Discover Paris & New York: Strollin’ In The Park

in Our Petit Blog

Jardin du Luxembourg

Situated on the border between Saint-Germain-des-Prés and the Latin Quarter, the Luxembourg Gardens were created by the initiative of Queen Marie de Medici in 1612. The gardens of 60 acres are split between French and English-style gardens. Between the two is a geometric forest and a large pond. There is also an orchard with many old varieties of apples, an apiary for you to learn about bee-keeping, a greenhouse with a collection of breathtaking orchids, and a rose garden. Here, you can play chess, read a book, or spend time with a loved one. 


Parc Monceau



The construction of Parc Monceau dates back to the 17th century, under the orders of the Duke of Chartres. Visitors can enter the park through the great wrought iron gates embellished with gold. Walking around the park, you’ll find many beautiful surprises. The park is unusual in France due to its "English" style: it is an informal layout consisting of many curved walkways and randomly placed statues. The randomness of the park distinguishes it clearly from the more traditional, French-style garden. It includes a collection of scaled-down architectural features, a Renaissance archway belonging to the former Paris City Hall, spectacular trees and a large pond. Parc Monceau is surrounded by luxury buildings and sumptuous mansions, including the Musée Cernuschi (Museum of Asian Arts). It is a peaceful and pleasant park to spend time in during the beautiful springtime.


Jardin des Tuileries



The Tuileries Garden separates the Louvre from Place de la Concorde and is a cultural walking place for Parisians and tourists alike. Created by Catherine de Medici as the garden of the Tuileries Palace in 1564, it was eventually opened to the public in 1667, and became a public park after the French Revolution. In the 19th and 20th centuries, it was the place where Parisians celebrated, met, promenaded, and relaxed. It was re-landscaped in 1664 by André Le Nôtre, the famous gardener of King Louis XIV. The gardens’ two ponds and Maillol, Rodin or Giacometti statues are perfect for relaxation. Inside, the Musée de l’Orangerie, shows works of Monet, including his most famous series, Water Lilies.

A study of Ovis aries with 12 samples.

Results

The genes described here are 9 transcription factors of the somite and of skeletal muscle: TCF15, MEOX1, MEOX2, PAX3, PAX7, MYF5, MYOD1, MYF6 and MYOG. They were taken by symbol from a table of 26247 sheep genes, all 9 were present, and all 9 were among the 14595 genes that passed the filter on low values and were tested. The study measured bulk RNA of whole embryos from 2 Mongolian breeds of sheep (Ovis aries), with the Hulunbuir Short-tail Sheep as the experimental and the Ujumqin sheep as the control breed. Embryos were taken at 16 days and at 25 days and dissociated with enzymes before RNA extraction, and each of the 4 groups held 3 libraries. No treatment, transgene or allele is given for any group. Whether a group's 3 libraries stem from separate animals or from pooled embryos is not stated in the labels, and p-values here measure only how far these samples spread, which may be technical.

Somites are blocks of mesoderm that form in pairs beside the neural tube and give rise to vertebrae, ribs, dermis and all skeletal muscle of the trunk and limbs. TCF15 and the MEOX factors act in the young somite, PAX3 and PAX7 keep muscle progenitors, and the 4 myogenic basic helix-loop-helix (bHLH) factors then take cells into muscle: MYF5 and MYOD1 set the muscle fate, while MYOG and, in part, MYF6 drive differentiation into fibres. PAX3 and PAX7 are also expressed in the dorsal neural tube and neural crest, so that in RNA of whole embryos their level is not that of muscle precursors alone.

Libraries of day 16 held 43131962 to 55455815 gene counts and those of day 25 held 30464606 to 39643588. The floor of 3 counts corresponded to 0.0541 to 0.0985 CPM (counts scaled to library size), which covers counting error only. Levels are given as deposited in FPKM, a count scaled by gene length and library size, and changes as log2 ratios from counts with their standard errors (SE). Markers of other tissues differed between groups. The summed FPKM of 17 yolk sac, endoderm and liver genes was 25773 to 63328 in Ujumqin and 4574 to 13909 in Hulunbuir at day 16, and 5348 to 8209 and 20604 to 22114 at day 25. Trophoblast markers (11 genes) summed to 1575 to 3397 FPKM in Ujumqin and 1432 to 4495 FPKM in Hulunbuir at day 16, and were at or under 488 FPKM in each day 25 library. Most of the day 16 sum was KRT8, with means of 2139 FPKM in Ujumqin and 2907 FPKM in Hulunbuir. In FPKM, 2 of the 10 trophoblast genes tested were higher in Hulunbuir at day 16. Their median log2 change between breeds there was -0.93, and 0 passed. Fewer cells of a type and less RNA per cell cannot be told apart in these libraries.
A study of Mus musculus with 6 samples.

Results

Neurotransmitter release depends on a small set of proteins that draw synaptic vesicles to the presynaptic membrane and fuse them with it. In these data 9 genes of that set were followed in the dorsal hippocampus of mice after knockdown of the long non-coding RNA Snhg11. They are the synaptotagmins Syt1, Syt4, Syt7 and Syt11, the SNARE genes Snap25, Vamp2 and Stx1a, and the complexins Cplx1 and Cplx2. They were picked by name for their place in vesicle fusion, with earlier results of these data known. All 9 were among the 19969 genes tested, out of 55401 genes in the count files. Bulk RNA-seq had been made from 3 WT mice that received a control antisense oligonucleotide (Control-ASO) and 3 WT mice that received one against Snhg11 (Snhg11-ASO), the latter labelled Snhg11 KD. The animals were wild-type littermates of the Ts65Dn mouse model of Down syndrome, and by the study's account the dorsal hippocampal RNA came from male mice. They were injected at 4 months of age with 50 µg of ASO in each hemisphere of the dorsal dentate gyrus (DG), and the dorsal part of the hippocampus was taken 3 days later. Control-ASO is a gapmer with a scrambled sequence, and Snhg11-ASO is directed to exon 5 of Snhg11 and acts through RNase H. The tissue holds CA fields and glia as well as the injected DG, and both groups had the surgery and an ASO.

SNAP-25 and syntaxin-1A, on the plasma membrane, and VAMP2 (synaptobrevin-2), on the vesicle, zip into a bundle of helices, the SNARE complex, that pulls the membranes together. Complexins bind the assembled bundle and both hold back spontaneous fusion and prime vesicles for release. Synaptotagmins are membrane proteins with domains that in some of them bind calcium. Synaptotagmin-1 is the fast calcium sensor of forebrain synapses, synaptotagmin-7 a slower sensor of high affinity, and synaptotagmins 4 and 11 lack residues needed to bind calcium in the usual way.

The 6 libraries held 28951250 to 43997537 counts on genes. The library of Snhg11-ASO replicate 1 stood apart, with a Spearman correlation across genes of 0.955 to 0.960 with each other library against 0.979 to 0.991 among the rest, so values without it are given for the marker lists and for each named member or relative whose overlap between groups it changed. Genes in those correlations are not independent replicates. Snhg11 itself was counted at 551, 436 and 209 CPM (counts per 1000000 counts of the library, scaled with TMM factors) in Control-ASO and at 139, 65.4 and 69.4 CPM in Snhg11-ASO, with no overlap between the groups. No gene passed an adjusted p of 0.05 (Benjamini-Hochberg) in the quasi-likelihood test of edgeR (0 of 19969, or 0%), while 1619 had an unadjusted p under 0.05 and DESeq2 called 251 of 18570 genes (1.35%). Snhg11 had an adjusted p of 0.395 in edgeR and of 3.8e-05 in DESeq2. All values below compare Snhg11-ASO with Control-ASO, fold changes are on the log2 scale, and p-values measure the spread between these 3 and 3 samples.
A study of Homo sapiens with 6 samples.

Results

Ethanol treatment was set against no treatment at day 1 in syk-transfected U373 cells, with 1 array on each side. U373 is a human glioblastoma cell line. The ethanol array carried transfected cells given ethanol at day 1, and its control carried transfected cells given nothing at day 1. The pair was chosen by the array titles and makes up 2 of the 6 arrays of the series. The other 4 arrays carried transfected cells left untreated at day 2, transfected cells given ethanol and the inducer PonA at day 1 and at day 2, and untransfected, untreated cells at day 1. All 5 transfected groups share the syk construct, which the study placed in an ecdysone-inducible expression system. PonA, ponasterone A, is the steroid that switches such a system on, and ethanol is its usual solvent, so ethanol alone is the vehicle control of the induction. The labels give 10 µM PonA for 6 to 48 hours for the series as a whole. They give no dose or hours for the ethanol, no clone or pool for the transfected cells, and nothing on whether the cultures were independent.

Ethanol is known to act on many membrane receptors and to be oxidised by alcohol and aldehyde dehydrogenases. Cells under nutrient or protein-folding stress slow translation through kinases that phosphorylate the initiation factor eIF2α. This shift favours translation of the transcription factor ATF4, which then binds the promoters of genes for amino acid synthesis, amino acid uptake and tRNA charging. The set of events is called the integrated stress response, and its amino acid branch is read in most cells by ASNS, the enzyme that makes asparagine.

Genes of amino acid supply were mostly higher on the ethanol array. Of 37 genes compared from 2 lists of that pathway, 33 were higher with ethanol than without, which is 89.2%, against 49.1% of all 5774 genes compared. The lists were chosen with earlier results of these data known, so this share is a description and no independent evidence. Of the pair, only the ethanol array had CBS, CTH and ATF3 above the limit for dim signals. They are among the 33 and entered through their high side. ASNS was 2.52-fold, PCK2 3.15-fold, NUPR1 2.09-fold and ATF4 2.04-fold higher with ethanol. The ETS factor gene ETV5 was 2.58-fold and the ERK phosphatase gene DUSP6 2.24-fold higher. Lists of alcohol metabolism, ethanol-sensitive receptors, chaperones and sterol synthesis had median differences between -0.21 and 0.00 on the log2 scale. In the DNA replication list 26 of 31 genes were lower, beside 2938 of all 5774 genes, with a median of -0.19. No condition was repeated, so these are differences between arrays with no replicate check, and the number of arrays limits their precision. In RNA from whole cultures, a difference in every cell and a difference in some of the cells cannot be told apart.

Now we're in New York... 


Central Park



Central Park became America's first major landscaped public park. It was July 1853 the New York State Legislature put the law in place to set aside more than 750 acres of land central to Manhattan Island. It was socially conscious reformers that understood the need for a great public park for the improvement of public health and the development of civil society. Today, it draws around 35 million visitors every year and is home to more than 500 different species of plants and animals. You’ll find something new every time you go, from vast meadows, open waters, performance artists, classical monuments and architecture.


Brooklyn Bridge Park



The Brooklyn Bridge Park is an example of true innovation in a city space. The park is a modest 85 acres across the water front and stretches 1.3 miles along the East River edge. Designed by Michael Van Valkenburgh Associates, there is huge variety of space to enjoy. The park includes active and passive spaces from playgrounds, sports courts, roller rink and lawns to a greenway; it also has 6 piers! What makes the Brooklyn Bridge Park special is the ecology and sustainability aspect of its development and growth. Much of the park is made using recycled and salvaged materials and habitats have been recreated to ensure the ecology of the park has the right conditions to flourish. As a side project the BBP is also in partnership with Billion Oyster Project and is helping to restore Oysters to New York Harbour.


The High Line



The High Line is another innovative project bringing green areas to a concrete jungle. It represents New York’s ambition to transform and adapt. Using an abandoned elevated train track for its foundation the project has bought nature and beauty to the industrial West Side. The views on offer include the Hudson River and the downtown New York skyline. There are huge murals and abstract sculptures attracting the artistic Chelsea gallery scene with the occasional performance piece. In summer you’ll find the mostly indigenous flowers in bloom and will be surrounded by artisan ice cream sellers. We recommend lounging on a comfy chair to sit back and people watch as the city dwellers scuttle beneath you.